UK corporate tax far from the most competitive in the G20
The UK Government has stated that it aims to have the most competitive corporate tax regime in the G20.
It has announced that it intends to reduce the main UK corporation tax rate from 28 percent when it took office to 23 percent by 2014.
Research by Oxford University Centre for Business Taxation at Saïd Business School, University of Oxford, shows that the UK corporate tax system is currently ranked 9th in the G20 for effective average tax rates (see Table below).
The government’s reforms would improve the UK’s ranking to 5th – but only if no other G20 country also reduced its effective rate.
The main problem for the UK is that allowances for capital expenditure are the lowest in the G20. While the UK has the 5th lowest tax rate, this rate is therefore applied to a broad definition of profit, implying that the effective tax rate is much higher. Reforms which reduce allowances as a way of paying for rate reductions mainly redistribute the tax burden between companies, rather than making the tax system as a whole more competitive.
The findings are announced in a new report « the G20 Corporate tax ranking 2011 » which will be presented at the Oxford University Centre for Business Taxation Summer Conference at Saïd Business School on July 11th. An electronic copy of the report is available on request from email@example.com.
Table 1. Ranking of effective average tax rates, 2011
Shows the estimated ranking of the G20 countries for their EATR (effective average tax rate) at the beginning of 2011.
The Centre undertakes and publishes multidisciplinary research into the aims, practice and consequences of taxes which affect business. Although it engages in debate on specific policy issues, the main focus of the Centre’s research is on long-term, fundamental issues in business taxation. Its findings are based on rigorous analysis, detailed empirical evidence and in-depth institutional knowledge.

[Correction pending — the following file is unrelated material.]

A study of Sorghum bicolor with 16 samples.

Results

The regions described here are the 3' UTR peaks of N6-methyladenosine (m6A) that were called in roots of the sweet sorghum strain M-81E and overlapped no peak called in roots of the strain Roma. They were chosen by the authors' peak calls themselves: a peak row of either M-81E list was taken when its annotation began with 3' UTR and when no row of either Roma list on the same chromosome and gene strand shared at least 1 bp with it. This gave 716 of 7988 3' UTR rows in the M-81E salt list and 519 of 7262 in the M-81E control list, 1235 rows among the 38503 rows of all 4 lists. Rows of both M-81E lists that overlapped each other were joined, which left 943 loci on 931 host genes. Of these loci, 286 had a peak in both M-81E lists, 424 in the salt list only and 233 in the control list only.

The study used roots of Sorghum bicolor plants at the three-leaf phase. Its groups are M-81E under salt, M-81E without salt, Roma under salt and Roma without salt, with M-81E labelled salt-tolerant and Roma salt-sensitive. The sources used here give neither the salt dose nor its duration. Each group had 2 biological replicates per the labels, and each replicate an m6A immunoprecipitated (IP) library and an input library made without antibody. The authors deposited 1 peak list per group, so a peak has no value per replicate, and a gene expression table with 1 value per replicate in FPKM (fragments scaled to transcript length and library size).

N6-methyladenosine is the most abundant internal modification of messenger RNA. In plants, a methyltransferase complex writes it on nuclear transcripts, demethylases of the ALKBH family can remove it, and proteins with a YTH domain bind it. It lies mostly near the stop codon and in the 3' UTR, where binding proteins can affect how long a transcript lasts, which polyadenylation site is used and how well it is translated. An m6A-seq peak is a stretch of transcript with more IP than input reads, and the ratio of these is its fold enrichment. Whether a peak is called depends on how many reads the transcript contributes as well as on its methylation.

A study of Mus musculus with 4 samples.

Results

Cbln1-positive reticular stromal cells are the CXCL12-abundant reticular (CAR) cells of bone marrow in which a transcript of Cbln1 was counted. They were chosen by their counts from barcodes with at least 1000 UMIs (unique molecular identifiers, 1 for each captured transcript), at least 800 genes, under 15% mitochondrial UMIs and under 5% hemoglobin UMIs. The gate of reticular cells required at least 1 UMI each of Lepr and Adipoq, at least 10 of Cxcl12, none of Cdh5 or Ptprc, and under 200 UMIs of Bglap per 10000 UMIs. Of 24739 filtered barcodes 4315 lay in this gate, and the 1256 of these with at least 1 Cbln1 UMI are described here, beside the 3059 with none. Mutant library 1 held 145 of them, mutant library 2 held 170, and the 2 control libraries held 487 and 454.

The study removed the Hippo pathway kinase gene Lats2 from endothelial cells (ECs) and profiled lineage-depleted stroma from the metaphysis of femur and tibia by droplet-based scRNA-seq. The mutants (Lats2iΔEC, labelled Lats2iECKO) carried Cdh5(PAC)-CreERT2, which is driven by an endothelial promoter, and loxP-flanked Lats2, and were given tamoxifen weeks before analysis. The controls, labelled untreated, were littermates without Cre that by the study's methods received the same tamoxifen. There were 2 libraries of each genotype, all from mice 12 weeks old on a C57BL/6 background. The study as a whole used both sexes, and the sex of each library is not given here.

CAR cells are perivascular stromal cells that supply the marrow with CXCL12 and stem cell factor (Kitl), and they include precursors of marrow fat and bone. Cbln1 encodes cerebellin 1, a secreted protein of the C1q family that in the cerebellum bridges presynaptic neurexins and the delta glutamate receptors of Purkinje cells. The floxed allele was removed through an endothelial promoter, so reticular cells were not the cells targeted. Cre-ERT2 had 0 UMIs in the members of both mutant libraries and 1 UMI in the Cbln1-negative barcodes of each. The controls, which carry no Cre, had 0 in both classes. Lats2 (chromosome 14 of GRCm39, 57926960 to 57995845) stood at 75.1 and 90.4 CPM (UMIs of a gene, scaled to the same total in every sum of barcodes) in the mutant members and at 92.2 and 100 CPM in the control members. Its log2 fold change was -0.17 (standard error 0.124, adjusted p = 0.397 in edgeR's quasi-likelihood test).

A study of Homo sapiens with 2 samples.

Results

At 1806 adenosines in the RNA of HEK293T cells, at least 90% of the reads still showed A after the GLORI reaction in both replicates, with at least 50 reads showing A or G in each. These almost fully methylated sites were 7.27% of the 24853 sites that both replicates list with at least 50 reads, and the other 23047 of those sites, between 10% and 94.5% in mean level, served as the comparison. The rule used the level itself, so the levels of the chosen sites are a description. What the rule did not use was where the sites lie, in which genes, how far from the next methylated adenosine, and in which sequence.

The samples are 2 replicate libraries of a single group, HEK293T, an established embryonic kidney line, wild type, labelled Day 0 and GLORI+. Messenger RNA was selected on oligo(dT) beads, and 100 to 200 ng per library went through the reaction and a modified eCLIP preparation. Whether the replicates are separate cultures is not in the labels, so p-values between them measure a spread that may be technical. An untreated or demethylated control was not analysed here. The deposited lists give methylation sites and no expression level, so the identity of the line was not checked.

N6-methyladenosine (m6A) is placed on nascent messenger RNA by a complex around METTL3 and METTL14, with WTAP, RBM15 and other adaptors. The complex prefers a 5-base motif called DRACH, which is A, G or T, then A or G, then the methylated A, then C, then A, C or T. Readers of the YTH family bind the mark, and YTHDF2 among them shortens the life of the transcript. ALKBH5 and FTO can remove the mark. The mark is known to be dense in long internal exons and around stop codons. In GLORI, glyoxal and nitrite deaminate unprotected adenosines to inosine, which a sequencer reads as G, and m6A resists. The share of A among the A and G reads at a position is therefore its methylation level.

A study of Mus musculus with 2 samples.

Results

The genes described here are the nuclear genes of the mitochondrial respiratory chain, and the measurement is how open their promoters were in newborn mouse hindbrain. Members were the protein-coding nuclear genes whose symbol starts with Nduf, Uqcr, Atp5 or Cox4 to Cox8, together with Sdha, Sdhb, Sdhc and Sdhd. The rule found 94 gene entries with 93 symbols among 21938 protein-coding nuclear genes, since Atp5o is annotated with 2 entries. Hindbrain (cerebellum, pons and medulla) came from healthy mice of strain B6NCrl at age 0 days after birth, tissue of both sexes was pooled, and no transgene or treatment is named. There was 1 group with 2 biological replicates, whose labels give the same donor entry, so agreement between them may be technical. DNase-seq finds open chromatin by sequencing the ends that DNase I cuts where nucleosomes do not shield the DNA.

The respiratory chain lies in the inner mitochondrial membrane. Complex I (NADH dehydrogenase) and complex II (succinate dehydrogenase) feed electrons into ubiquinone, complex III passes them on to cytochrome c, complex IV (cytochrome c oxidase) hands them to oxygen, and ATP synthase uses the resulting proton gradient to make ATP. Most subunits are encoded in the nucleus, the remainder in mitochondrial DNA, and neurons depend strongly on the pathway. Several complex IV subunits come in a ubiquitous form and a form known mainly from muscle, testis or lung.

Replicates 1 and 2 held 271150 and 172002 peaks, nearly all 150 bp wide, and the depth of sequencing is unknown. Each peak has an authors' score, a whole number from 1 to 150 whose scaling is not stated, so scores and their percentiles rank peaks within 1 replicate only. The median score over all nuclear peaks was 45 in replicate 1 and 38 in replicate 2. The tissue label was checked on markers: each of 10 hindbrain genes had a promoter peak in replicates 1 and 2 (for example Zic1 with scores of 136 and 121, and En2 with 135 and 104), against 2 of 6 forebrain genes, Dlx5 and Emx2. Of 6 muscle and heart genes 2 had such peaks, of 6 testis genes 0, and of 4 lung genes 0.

The Centre provides analysis independent of government, political party or any other vested interest. The Centre has no corporate views : publications of the Centre are the responsibility of named authors. The Centre is not a consultancy : it reserves the right to publish the results of its research.
| Established in 1996 the Saïd Business School is one of Europe’s youngest and most entrepreneurial business schools with a reputation for innovative business education.
An integral part of Oxford University, the School embodies the academic rigour and forward thinking that has made Oxford a world leader in education and research.
The School has an established reputation for research in a wide range of areas, including finance and accounting, organisational analysis, international management, strategy and operations management.
The School is dedicated to developing a new generation of business leaders and entrepreneurs and conducting research not only into the nature of business, but the connections between business and the wider world.
In the Financial Times European Business School ranking (Dec 2010) Saïd is ranked 11th. It is ranked number one in the UK (11th worldwide) in the FT’s combined ranking of Executive Education programmes (May 2011) and 27th in the world in the FT ranking of MBA programmes (Jan 2011). The Oxford MSc in Financial Economics is ranked 4th in the world in the 2011 FT ranking of Masters in Finance programmes (June 2011).
In the UK university league tables it is ranked first of all UK universities for undergraduate business and management in The Guardian (May 2011) and has ranked first in eight of the last nine years in The Times.